New homes fuelling growth in Northern Ireland but construction now needs infrastructure work: RICS
Housebuilding is powering growth in activity in construction in Northern Ireland despite general uncertainty in the economy, according to a major survey.
The Royal Institution of Chartered Surveyors (RICS) today said workloads for building companies here increased in the third quarter, though at a slightly slower rate than in the second quarter.
But firms in Northern Ireland were still heavily dependent on contracts in Great Britain - continuing a trend of seeking work across the water which began when the home building market crashed around 2008.
The RICS construction market survey, carried out with law firm Tughans, also found private housebuilding was surging forward, while private commercial activity showed "relatively robust" growth.
However, infrastructure showed only anaemic growth, and activity in the sector has been much lower than in the UK as a whole, RICS said.
And there was a further blow for infrastructure yesterday when it was confirmed the £100m York Street Interchange was on hold following the vote to leave the EU.
RICS Northern Ireland spokesman, Jim Sammon, explained: "The picture painted by the quarter three survey is one of growth, and expectations have improved following the immediate shock of the vote to leave the EU.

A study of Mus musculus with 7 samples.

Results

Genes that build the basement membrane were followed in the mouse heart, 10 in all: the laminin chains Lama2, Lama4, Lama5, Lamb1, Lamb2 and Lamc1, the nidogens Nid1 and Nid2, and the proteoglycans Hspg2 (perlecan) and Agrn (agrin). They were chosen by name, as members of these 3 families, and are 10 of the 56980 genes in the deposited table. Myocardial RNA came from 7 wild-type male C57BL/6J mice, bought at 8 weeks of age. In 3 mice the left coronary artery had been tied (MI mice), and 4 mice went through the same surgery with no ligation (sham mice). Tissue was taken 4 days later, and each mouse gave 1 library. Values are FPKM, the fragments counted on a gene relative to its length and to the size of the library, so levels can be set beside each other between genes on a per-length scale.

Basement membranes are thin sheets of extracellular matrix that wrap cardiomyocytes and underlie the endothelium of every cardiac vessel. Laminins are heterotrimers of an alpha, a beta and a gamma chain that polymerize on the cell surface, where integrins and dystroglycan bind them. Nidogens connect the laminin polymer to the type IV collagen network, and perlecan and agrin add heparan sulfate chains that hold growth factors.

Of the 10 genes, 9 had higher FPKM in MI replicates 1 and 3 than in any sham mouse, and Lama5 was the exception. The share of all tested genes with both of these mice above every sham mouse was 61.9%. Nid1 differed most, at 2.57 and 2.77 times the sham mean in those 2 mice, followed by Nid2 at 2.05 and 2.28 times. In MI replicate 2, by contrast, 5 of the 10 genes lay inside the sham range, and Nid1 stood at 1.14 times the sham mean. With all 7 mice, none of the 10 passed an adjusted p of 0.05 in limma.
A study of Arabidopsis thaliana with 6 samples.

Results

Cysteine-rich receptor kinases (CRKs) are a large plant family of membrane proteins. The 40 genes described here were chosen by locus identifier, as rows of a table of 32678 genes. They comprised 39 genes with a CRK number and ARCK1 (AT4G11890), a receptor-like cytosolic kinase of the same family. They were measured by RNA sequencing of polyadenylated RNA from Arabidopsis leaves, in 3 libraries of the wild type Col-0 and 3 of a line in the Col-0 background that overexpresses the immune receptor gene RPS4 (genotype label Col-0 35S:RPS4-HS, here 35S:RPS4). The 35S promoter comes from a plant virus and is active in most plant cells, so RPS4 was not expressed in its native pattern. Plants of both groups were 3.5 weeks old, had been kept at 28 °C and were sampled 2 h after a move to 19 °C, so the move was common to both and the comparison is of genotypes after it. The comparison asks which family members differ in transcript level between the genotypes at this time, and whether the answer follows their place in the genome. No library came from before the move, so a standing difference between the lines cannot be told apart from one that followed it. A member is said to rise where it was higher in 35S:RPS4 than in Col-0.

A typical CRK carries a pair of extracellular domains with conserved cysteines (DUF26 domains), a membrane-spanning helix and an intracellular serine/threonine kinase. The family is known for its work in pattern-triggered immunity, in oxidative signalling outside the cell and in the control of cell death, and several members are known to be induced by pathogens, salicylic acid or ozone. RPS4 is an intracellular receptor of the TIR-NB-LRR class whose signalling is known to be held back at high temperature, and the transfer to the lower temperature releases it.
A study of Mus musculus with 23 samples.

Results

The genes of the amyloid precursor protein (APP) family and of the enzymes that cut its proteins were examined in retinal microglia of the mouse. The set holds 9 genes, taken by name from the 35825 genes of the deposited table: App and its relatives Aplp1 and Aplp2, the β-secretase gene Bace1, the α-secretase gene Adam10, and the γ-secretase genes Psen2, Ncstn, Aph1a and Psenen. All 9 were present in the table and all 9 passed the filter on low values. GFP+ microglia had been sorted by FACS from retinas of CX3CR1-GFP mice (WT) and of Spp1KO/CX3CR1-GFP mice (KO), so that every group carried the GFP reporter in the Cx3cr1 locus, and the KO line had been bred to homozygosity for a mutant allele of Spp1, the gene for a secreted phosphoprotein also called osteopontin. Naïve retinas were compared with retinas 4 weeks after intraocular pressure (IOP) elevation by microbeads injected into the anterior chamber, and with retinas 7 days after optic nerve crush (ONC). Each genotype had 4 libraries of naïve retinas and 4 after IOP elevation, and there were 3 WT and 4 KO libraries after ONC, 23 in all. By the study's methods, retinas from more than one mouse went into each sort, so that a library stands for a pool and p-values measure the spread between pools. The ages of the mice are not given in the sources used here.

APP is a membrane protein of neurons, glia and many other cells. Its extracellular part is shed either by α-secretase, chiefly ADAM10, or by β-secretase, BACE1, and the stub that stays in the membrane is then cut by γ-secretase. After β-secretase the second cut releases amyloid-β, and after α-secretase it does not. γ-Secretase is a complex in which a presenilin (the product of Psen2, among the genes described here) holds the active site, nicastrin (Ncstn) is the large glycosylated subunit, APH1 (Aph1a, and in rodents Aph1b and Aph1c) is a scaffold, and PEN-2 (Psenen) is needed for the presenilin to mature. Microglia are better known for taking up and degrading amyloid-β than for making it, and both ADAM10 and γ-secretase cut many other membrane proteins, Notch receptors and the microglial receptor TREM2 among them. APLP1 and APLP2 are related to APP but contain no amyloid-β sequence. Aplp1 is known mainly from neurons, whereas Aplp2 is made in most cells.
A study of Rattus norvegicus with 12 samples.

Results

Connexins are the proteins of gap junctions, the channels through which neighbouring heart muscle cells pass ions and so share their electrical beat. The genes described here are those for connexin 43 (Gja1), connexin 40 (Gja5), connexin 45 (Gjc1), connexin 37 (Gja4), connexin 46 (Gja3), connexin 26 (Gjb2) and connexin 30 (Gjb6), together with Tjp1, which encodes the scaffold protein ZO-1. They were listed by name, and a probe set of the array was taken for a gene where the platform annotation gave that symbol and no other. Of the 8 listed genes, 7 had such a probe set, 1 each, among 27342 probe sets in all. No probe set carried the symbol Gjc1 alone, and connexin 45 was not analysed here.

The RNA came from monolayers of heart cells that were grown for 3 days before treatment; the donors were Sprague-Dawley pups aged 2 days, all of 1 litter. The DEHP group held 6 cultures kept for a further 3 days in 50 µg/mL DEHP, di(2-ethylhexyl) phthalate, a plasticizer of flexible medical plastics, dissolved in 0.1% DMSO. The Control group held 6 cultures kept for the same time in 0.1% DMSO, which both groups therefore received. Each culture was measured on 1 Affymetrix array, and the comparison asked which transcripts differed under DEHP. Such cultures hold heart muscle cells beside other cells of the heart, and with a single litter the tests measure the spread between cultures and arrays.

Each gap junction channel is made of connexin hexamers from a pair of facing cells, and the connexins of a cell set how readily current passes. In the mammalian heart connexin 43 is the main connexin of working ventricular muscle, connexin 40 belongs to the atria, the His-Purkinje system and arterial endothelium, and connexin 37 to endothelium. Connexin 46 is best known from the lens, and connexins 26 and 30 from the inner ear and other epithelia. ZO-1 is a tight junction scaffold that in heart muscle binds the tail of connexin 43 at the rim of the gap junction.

"However, Northern Ireland's construction sector remains heavily dependent on work in Great Britain, and the survey tells us, crucially, that infrastructure activity remains very subdued.
"There is also anecdotal evidence from respondents suggesting that uncertainty still remains on the outlook for the year ahead."
And he said long-term growth depended on infrastructure investment from both the private and public sector - which was also a must for helping to attract foreign direct investment.
Tughans construction partner, Michael McCord, commented: "Activity inside Northern Ireland itself may remain subdued, other than an uptick in residential development, but the local sector continues to find work outside of Northern Ireland, demonstrating the quality of the work our local professionals deliver."
"Clearly some uncertainty lies ahead but, on the positive side, the weakening of sterling could help increase the competitiveness of Northern Ireland companies working south of the border," Mr McCord continued.
Separate market surveys have shown growth in new house building in Northern Ireland, with the National House Building Council reporting there was a 30% increase in new home registrations here during 2015.
But losses suffered during last year by key construction firms O'Hare and McGovern and McLaughlin & Harvey - of £3.7m and £5m respectively - reflect other challenges within the industry, with the former citing "supply chain challenges" in its accounts.